Hello Kitty grows up: How Japan's Sanrio has expanded the character's empire

Hello Kitty, the adorable little feline with no mouth but a great bottom line, has shown the business world how to take a brand and make it appealing across generations. Without question, the almost 36-year old character has developed a cult-like following that includes everyone from preschoolers to grandmas who find the fictional kitten simply irresistible. As parent company Sanrio likes to say, Hello Kitty appeals to "everyone from four to forever."

And for all of those people, there is a product. These days, the white Japanese bobtail cat with her trademark red bow can be found on everything from diamond jewelry and credit cards to plastic lunch boxes and stickers. All Hello Kitty products -- make that all 50,000 or so products -- are licensed by Sanrio. It's proven to be a lucrative venture for the Japanese company. Last year, Sanrio saw $5 billion in retail sales of Hello Kitty products globally, about $1 billion of which came from North America.
The key to Hello Kitty's vast success? "Simplicity," says Janet Hsu, President of Sanrio's Global Consumer Products division. "There is something zen-like about Hello Kitty. She can be anything to anyone."

It's a melon-head cat with no mouth, we point out. Hsu is nonplussed. "She has no mouth; but she speaks from the heart."

Hello Kitty has no strong political affiliations and she is perceived by fans as an adorable and sweet innocent -- a tricky line Sanrio will need to walk to preserve the brand while making further inroads into the adult market. Take, for example, what happened with the Hello Kitty shoulder massager, which at one point was banned when creative fans started announcing it made for a good vibrator. Sanrio protested loudly and the good kitty's reputation was restored.

While many of Hello Kitty's followers grew up carrying her little vinyl coin purse -- the first item ever produced bearing her image -- truth is, Sanrio has successfully attracted older females to the brand who didn't discover Hello Kitty until they were young adults. After all, those aren't six-year-olds buying $25,000 Hello Kitty diamond-studded necklaces or $3,450 Hello Kitty diamond and pink sapphire watches at Neiman Marcus. One of the latest additions: Hello Kitty wines produced in Lombardy Italy by the 100-year-old Torti family vineyards, which recently hit the U.S. market.

Sanrio's strength is its ability to pounce -- rather catlike -- on lucrative partnerships. It lured Kimora Lee Simmons, the former runway model, designer and owner of the Baby Phat clothing line, to bring her fashion industry influence to Hello Kitty with high-end jewelry and accessories.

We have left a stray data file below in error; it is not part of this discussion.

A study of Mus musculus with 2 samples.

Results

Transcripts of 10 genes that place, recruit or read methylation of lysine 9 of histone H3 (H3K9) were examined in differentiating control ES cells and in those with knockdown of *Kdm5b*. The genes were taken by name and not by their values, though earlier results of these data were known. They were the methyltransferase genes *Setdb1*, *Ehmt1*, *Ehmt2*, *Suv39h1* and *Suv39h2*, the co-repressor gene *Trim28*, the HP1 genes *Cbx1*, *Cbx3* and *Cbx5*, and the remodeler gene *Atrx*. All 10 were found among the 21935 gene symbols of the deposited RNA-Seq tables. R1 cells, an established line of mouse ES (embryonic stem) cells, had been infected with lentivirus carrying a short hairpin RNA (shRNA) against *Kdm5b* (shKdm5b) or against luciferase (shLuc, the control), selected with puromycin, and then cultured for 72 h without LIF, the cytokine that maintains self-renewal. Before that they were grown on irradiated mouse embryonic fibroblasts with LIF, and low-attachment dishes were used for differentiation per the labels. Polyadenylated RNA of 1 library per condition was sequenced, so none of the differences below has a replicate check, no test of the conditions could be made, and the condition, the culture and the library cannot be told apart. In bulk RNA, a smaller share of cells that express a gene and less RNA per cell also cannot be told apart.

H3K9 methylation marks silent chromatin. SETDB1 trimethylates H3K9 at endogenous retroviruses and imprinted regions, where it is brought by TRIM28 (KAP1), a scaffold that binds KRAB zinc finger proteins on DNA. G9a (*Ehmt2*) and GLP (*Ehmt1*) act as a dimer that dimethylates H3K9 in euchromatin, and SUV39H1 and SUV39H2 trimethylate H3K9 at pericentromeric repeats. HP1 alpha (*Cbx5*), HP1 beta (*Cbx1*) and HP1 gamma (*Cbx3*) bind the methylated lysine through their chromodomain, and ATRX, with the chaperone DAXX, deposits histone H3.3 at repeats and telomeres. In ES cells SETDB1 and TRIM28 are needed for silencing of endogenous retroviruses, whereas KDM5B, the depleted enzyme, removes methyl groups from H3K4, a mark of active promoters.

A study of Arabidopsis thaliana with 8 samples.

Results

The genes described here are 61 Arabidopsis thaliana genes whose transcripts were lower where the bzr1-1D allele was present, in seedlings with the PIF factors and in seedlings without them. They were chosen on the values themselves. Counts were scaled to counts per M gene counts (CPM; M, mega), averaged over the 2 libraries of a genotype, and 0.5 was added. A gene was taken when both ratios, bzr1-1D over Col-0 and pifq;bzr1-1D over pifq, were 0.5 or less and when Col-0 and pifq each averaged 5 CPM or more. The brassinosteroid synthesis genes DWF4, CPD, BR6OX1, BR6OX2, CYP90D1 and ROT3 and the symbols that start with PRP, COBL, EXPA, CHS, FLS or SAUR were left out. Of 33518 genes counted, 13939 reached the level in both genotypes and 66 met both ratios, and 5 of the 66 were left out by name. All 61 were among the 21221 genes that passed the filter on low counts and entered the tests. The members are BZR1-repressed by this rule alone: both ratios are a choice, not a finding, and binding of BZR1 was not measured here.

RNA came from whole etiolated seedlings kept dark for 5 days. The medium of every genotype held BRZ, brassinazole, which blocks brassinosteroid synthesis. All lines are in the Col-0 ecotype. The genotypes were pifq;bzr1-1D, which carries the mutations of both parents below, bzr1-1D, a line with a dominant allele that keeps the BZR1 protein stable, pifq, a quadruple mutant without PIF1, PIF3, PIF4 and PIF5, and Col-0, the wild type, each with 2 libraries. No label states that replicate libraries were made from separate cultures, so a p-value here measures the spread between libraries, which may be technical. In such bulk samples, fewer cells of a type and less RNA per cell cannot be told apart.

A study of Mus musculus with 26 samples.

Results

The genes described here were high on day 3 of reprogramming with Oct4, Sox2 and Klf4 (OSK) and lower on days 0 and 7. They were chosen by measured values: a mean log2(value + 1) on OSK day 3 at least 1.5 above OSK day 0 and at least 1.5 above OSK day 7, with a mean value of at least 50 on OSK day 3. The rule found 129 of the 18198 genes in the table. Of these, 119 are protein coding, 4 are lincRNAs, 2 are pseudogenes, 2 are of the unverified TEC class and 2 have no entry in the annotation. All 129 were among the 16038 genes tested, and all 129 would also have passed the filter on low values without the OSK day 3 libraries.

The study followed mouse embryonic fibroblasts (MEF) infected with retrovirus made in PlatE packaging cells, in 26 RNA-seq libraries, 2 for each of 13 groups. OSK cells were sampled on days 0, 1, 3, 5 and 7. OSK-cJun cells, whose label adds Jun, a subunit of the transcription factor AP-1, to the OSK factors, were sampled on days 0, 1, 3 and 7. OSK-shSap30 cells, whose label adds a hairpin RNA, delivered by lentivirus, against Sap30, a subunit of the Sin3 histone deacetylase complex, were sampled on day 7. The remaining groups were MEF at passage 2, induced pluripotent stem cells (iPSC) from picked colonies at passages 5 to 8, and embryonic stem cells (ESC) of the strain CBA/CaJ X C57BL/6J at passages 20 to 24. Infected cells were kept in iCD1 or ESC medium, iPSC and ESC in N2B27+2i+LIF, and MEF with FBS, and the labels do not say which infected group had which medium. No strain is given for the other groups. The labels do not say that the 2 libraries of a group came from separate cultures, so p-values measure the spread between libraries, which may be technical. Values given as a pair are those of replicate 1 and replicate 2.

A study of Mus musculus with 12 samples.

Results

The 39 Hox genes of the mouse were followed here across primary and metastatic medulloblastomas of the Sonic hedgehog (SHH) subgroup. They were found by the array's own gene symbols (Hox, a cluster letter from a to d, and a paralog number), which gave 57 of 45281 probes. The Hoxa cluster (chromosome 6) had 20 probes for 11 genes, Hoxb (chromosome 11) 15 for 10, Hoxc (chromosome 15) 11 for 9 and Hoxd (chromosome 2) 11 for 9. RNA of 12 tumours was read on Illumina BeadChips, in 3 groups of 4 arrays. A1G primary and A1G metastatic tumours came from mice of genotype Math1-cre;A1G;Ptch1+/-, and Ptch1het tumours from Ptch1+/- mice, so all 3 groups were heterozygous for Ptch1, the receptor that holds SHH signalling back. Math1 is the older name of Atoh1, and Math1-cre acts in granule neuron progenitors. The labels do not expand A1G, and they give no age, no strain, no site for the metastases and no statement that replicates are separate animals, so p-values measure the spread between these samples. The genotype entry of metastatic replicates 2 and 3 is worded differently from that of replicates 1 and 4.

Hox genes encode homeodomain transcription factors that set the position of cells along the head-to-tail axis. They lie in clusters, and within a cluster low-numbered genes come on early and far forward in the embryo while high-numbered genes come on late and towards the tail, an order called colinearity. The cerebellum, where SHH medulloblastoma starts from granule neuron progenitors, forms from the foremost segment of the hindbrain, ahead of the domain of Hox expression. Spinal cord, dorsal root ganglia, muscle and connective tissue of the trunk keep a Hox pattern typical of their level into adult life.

Scott Rauch, CEO and president of Simmons Jewelry Co., said when the line launched in 2005 at 38 Neiman Marcus stores, he had never seen anything like it in his 16 years of sales: 900 watches retailing for $2,000 each were sold the first season. "It's a phenomenal brand. Hello Kitty is an iconic figure with heritage."

However, Hello Kitty's appeal is larger than any one designer's contributions. She is just plain kitsch. Hello Kitty is so saccharine sweet and tiresomely sentimental that it's become hip. The brand is so solidly embedded in worldwide social culture now that there are Hello Kitty fan forums and even an anti-Hello Kitty site, started by a guy who thinks his wife has gone into Hello Kitty overload and perhaps needs an intervention. The joke has even carried over to a police force in Thailand. Officers who were repeatedly late for work or parked in an unauthorized spot (like the boss's) were forced to wear Hello Kitty armbands as penance.

Love her or hate her, the Hello Kitty product line truly boggles the imagination. There are Hello Kitty toasters that sear her image onto your bread, a Hello Kitty Stratocaster guitar by Fender and a Taiwanese EVA Airbus A330-200 that was redone in Hello Kitty motif. The flight attendants wear pink Hello Kitty aprons, there are Hello Kitty headrest protectors and the airline serves food and beverages from the special Hello Kitty menu. Heck, at least they still serve you food.

You can find Hello Kitty Uggs, take out a Hello Kitty credit card and play a Hello Kitty version of the Milton Bradley classic board game, Twister. Automaker Diahatsu created two Hello Kitty hatchbacks in 1998 and 1999 that featured her image on the front grill, inside upholstery, side panels and keys. Need more? There's a Hello Kitty robot capable of carrying on a conversation with you for a mere $3,700.

There are also Hello Kitty Nintendo games, egg shapers and several books, including a collection of "candid" photos chronicling Hello Kitty's journeys as she surfs the waves in Hawaii, reflects in a Japanese garden, and hits Hollywood Boulevard. Each photo is accompanied by an original haiku written by, of course, Hello Kitty.

Hello Kitty's "back story" is that she lives in London with her parents and twin sister, Mimmy (Mimmy wears a yellow bow.) Just wondering what the official Hello Kitty shrink hears from Mimmy about her overachieving twin sister who seems to be adored by almost everyone. Poor Mimmy, we know how that goes.